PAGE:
As detailed in the engaging documentary Orthodox Stance, Dmitriy Salita brings together belief systems that appear to be opposite, being a professional boxer and an Orthodox Jew.
Kid looks Russian, prays Jewish and fights black.
-- Jimmy O'Pharrow, Washington Post (1 September 2002)
"Dmitriy is not a devastating puncher, but he could hurt people," says boxing trainer Oscar Suarez. With the laconic praise typical of the business he's in, Suarez is describing his new client, then 23-year-old Dmitriy Salita, by all accounts a remarkable talent. He represented New York in the Junior Olympics, and won the New York City Golden Gloves and the U.S. Under-19 National Championship at 18. Salita has been competing professionally since he turned 20, winning matches and earning respect.
For all his success, Salita is hardly a conventional boxer. As detailed in the engaging documentary Orthodox Stance, he brings together belief systems that appear to be opposite, being a professional boxer and an Orthodox Jew. Born in Odessa, Ukraine in 1982, Salita moved with his family to Brooklyn when he was nine, seeking religious freedom and financial stability. At 13, Dmitriy began boxing at the Starrett City Gym, founded by trainer Jimmy O'Pharrow. At the time, the boy's mother was dying of cancer. "Boxing helped me emotionally," he says now, "It helped me to block out the pain and gave me a purpose." Still, he guesses, "For my mother, it must have been very difficult knowing that her son is doing this crazy sport."
Salita understands her concern, but also finds ways to work through the seemingly obvious tensions he embodies. The film charts basic, diurnal conflicts: he can't fight (or travel, cook, or use electricity) until sundown on the Sabbath, and it can be difficult to keep kosher on the road (he's worked out a system by which hot kosher food might be delivered to a Vegas hotel room, for instance, and kept warm, wrapped in a blanket, until dinner time). In one instance, promoter Bob Arum arranges so the usual card girls won't parade in bikinis to mark the round changes, as he knows they will upset the rabbis who have come to watch Salita compete.
The film focuses on such intersections between business as usual and religious observance that occasion collaboration and compromise rather than conflict. Salita assumes the best of all his associates, as he changes promoters and trainers (always keeping O'Pharrow, now over 80 years old, in his corner; "My role," he says, "is to stand in the background of the guy and if needs help to help him out"). As Salita understands his work, he needs more exposure and, especially, a chance to fight in New York City, so his family and friends can see him. Self-reflective and charismatic, Salita seems an ideal documentary subject; as he drives from home to the gym, the camera looks up at him from the passenger seat as he considers the various aspects of his "image" and his commitments. He worries that a suit he's wearing for a press conference needs pressing ("It's not nothing," he tells his brother, "You think that wrinkled is nothing"). And. watching a fight on TV, he's moved by one boxer's decision to withdraw, even as he's still standing, sort of. Salita's manager and advisor Israel Liberov suggests the choice is wrong, that it makes the boxer look bad, but Salita makes a more generous assessment: "You can't criticize him," he says, "You can't know what he's feeling."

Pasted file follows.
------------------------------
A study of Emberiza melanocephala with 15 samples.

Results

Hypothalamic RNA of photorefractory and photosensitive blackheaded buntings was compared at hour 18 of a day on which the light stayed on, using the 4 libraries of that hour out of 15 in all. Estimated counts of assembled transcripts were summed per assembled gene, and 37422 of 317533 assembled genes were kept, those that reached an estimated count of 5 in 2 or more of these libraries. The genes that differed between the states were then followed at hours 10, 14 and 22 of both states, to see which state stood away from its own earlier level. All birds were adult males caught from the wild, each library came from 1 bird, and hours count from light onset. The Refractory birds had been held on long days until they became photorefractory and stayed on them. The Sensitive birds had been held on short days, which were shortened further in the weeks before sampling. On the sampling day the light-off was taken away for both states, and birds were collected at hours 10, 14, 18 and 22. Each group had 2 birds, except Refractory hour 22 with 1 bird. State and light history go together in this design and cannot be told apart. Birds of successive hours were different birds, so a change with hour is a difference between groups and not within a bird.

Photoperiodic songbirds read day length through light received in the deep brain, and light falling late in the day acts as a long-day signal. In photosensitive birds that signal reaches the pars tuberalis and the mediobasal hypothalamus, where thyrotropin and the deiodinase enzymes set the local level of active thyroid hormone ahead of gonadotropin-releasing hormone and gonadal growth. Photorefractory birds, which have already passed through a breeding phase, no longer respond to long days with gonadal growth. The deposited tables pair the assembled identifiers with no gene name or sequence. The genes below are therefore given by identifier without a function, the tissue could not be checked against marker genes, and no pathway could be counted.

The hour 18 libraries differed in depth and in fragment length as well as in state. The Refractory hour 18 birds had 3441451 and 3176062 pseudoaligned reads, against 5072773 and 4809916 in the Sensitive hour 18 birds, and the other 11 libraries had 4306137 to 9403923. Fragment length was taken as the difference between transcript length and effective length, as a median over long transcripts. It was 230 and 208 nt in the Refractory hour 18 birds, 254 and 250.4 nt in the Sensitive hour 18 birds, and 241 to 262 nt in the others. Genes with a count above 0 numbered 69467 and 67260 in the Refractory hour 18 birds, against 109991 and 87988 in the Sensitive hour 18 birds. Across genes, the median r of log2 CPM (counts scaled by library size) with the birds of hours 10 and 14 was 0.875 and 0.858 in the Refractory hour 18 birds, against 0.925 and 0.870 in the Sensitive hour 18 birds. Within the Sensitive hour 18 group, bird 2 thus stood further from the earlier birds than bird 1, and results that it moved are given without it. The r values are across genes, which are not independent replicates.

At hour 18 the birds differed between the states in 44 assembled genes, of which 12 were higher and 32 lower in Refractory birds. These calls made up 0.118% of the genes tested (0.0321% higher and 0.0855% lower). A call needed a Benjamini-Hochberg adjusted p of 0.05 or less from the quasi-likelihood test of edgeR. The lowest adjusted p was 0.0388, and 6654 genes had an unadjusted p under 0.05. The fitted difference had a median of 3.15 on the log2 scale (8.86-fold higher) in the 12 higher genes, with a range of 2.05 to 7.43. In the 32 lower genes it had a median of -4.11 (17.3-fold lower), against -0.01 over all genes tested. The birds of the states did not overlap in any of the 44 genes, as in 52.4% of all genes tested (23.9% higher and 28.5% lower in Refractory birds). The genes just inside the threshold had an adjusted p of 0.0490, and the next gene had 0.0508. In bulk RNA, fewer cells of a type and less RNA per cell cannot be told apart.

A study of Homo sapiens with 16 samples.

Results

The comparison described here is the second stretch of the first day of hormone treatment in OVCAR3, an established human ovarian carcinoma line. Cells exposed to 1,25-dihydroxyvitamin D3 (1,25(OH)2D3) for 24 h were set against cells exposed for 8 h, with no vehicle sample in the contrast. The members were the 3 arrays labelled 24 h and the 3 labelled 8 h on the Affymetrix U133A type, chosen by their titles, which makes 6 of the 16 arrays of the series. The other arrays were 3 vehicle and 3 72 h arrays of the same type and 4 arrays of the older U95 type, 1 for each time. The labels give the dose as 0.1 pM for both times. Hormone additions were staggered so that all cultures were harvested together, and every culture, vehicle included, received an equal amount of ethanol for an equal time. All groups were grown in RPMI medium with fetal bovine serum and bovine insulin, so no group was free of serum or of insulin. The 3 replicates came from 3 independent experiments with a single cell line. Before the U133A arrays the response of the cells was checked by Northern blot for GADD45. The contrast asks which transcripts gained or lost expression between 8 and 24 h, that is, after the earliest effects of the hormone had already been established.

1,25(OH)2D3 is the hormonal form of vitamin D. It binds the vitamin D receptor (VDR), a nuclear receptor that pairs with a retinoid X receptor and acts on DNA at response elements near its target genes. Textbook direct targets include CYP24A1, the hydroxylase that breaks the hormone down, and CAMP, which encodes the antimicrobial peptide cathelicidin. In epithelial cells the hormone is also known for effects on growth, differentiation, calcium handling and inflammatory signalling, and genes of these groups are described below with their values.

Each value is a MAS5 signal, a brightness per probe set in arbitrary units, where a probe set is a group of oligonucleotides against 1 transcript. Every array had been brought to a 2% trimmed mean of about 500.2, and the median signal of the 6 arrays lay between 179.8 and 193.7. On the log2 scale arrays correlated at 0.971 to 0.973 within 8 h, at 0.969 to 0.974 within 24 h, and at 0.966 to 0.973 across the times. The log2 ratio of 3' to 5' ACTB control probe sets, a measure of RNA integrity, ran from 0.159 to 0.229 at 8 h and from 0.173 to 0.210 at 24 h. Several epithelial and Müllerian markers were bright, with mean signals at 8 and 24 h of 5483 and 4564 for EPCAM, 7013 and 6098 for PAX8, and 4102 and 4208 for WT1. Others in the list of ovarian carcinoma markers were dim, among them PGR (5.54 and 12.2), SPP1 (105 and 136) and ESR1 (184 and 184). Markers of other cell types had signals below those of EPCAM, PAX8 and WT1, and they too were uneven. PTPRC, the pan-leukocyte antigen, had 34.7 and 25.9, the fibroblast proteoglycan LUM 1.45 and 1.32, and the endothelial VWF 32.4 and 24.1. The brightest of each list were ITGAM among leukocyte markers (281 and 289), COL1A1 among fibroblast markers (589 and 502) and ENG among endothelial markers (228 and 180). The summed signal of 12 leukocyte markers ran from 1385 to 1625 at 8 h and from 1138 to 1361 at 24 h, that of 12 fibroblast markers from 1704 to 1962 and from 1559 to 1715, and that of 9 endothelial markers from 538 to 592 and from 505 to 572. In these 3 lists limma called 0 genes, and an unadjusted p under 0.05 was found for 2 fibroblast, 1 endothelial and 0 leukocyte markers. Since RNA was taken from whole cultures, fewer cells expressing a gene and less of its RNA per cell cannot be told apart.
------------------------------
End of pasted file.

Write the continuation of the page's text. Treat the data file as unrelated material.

Dmitriy is habitually attentive to others' feelings, while also measuring his own, displaying them quietly. During one question and answer session, he responds to Jewish congregants, with good humor and patience. Informed he should "stop fighting" and pursue "good" religious objectives, like a wife and a family, he smiles, mic in hand, fully able to play both entertainer and arbiter. "I think the girl he will have," says a supporter, "he will never disappoint her." A couple of boys come up after the session, admiring his physique ("You're huge," says one, enthusiastically, "You're built"). An older Russian man also pays his respects, admitting that he used to box himself, back in Georgia. The two exchange smiles, sharing a sense of history and promise, briefly, before Salita moves on to another event.
The marketing of Salita may be the film's most intriguing focus. Addressed obliquely, the process is plainly complicated, an effort to achieve a balance among multiple expectations and obligations. The film itself serves as promotion, underscoring his special status as commercial device, noting the appearance of Matisyahu at one of Salita's bouts, as well as the many ways the boxer has to frame and reframe his self-identification, at press conferences and for "human interest" feature stories.
Even as Orthodox Stance allows Salita and his multi-culti team to make his case, the broader questions -- about commercial culture, boxing as an industry, and shifting standards of masculinity -- remain compelling. By adhering to traditions, Salita also challenges them. Following one match that he has won, a fan -- a black woman who gestures elaborately -- keeps pace with him on the sidewalk outside: "You always finding a way," she enthuses. "I know you coulda did better." Salita smiles, again. His work is never done.